When things talk to things, the internet gains another dimension. So does your operation.

The Internet of Things (IoT) is exploding—the worldwide number of connected devices — is expected to exceed 20 billion by 2020, according to analytics firm Gartner. While it’s just coming of age in the consumer space with the proliferation of devices like Internet-enabled thermostats and Fitbit-like wearables, IoT in manufacturing represents the maturation of decades of work to automate and connect equipment and systems.

Manufacturing and IoT

On the manufacturing floor, the “things” that make up the Internet of Things are critical components of the production process. Many pieces of equipment and whole systems are now embedded with sensors and networked to each other for autonomous machine-to-machine (M2M) communication. This trend is gaining as the costs of sensors and the systems that connect them falls:

• Some 35 percent of U.S. manufacturers are currently collecting and using data generated by sensors to enhance manufacturing and operating processes, according to a 2015 report by PricewaterhouseCoopers. Another 41 percent have plans to do so, according to PwC.

• The annual manufacturing investment in IoT worldwide is projected to jump from $29 billion in 2015 to more than $70 billion by 2020, according to BI Intelligence.

• Industrial manufacturing companies are reporting larger increases in revenue from IoT than any other sector, with average revenue gains of 28.5 percent, according to a 2015 study by Tata Consultancy Services.

• The potential value of IoT for manufacturing over the next decade is nearly $3.9 trillion in increased revenues and lower costs, according to a study by ARC Advisory Group.

Connected Machines Change Workflow

IoT provides manufacturers with unprecedented insight into their operations—everything from sensors that track the temperature and humidity on the production floor to RFID tags that allow systems to follow individual products—not batches—through every step of the manufacturing process.

In one often-cited example, Raytheon Co. tracks how many times each screw is turned during assembly at a missile plant in Alabama—stopping production if a defective screw is only turned 12 times instead of 13.  (“It’s either right or not right,” Raytheon executive Randy Stevenson told The Wall Street Journal.) When Harley-Davidson revamped its Pennsylvania motorcycle factory, IoT-powered data helped standardize painting procedures and led to time-saving changes in the process to install rear fenders.

Sensors and data analytics have long been used to help identify potential mechanical problems in time to schedule preventative maintenance, reducing downtime and costs in the process. Now, the growth in autonomous systems will mean that these decisions will increasingly be made by machines, with little or no intervention.

And the focus is shifting beyond the production floor. For many manufacturing businesses, the opportunity today is shifting to the “I” of the IoT—using the Internet to extend the reach of these smart devices and systems both up and down the supply chain. Doing so creates a communication continuum among plant operations, suppliers, product design, and consumers in many ways:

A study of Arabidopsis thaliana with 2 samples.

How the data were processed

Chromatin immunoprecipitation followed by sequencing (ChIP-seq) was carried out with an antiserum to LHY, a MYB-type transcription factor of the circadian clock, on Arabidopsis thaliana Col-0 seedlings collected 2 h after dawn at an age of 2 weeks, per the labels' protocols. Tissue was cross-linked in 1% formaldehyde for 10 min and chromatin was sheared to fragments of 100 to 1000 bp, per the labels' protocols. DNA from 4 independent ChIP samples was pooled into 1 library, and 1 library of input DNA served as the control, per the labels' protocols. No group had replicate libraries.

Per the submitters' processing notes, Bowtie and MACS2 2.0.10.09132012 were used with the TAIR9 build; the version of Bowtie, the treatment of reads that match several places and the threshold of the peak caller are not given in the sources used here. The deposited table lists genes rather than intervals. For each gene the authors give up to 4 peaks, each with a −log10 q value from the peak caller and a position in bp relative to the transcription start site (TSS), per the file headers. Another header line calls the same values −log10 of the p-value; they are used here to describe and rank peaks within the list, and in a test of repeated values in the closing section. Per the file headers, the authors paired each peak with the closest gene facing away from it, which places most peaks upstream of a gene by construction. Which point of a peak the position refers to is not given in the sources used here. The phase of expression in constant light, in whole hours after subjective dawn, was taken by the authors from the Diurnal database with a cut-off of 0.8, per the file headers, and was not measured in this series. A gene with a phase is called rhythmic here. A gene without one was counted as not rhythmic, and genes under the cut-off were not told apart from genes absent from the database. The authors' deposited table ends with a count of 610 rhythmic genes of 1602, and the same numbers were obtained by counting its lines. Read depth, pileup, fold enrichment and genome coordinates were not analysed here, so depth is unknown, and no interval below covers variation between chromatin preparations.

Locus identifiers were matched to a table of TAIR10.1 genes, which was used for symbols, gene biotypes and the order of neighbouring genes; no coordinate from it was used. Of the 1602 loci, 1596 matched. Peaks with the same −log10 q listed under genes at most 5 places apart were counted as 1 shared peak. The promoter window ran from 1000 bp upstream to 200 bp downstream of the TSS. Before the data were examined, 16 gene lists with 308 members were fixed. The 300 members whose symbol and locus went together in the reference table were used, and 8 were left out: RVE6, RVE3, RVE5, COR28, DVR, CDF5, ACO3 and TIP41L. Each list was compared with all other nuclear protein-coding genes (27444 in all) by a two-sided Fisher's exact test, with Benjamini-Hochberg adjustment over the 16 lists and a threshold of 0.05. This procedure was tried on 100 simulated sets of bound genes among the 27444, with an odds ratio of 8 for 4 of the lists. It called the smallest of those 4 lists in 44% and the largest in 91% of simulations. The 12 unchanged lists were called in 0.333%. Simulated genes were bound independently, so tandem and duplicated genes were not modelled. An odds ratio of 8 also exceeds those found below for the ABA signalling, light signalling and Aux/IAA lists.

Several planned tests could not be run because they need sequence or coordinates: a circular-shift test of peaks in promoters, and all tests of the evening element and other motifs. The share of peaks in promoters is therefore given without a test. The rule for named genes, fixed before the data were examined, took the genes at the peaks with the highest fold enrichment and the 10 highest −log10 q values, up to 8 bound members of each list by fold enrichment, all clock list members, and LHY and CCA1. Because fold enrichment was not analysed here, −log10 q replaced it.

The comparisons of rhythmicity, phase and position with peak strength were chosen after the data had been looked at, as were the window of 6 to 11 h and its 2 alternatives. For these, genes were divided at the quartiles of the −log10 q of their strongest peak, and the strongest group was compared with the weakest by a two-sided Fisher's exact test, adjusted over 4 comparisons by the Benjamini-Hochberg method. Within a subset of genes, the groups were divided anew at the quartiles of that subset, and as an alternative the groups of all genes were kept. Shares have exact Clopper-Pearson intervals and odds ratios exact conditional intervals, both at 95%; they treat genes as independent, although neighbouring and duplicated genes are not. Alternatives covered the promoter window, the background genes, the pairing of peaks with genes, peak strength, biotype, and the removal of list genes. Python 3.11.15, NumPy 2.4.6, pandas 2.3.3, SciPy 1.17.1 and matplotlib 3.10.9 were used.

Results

• Connecting warehouse operations and the extended supply chain can accelerate efforts to create lean manufacturing operations with just-in-time delivery of materials and components. It can also provide information about specific lots of raw materials or other components to track quality.

• Monitoring IoT-enabled products once they are in use by customers can help identify potential problems and opportunities for improvement, speeding the product design cycle and accelerating upgrades.

• Products with IoT capabilities can also open new revenue opportunities. Manufacturers like Caterpillar Inc. use IoT systems linked by cellular and satellite technology to monitor customer fleets of vehicles, alerting them to maintenance issues.

This broad change is evolving. About a third of IoT-enabled manufacturers have put the technology in place only in their manufacturing facilities, according to PwC. Only 26 percent have also extended IoT to their warehouses, while 22 percent incorporate their extended supply chain and 19 percent include their customers, thus spanning their entire manufacturing ecosystems.

The Data Challenge

This tightly integrated, data-rich approach to manufacturing enabled by IoT is sometimes likened to a “fourth industrial revolution”—marrying the production gains from advanced manufacturing with those from the IT revolution.  But for manufacturing companies to fully leverage the opportunities the IoT brings, they need systems and skills to process and convert the massive amounts of real-time data produced by thousands upon thousands of connected devices into useable information.

Big data, data science, and analytics may be new competencies for many manufacturers, who will need to identify skill sets as they make investments in technology to make the potential of IoT real.

“Analytical talent is becoming increasingly rare in the labor market, so there will be fierce competition for mathematicians and analysts,” Siegfried Dais, deputy chairman of the board of management at German engineering company Robert Bosch GmbH, said in a conversation with McKinsey & Company analysts. “The opportunities presented by the Internet of Things are clear—but so are the challenges.”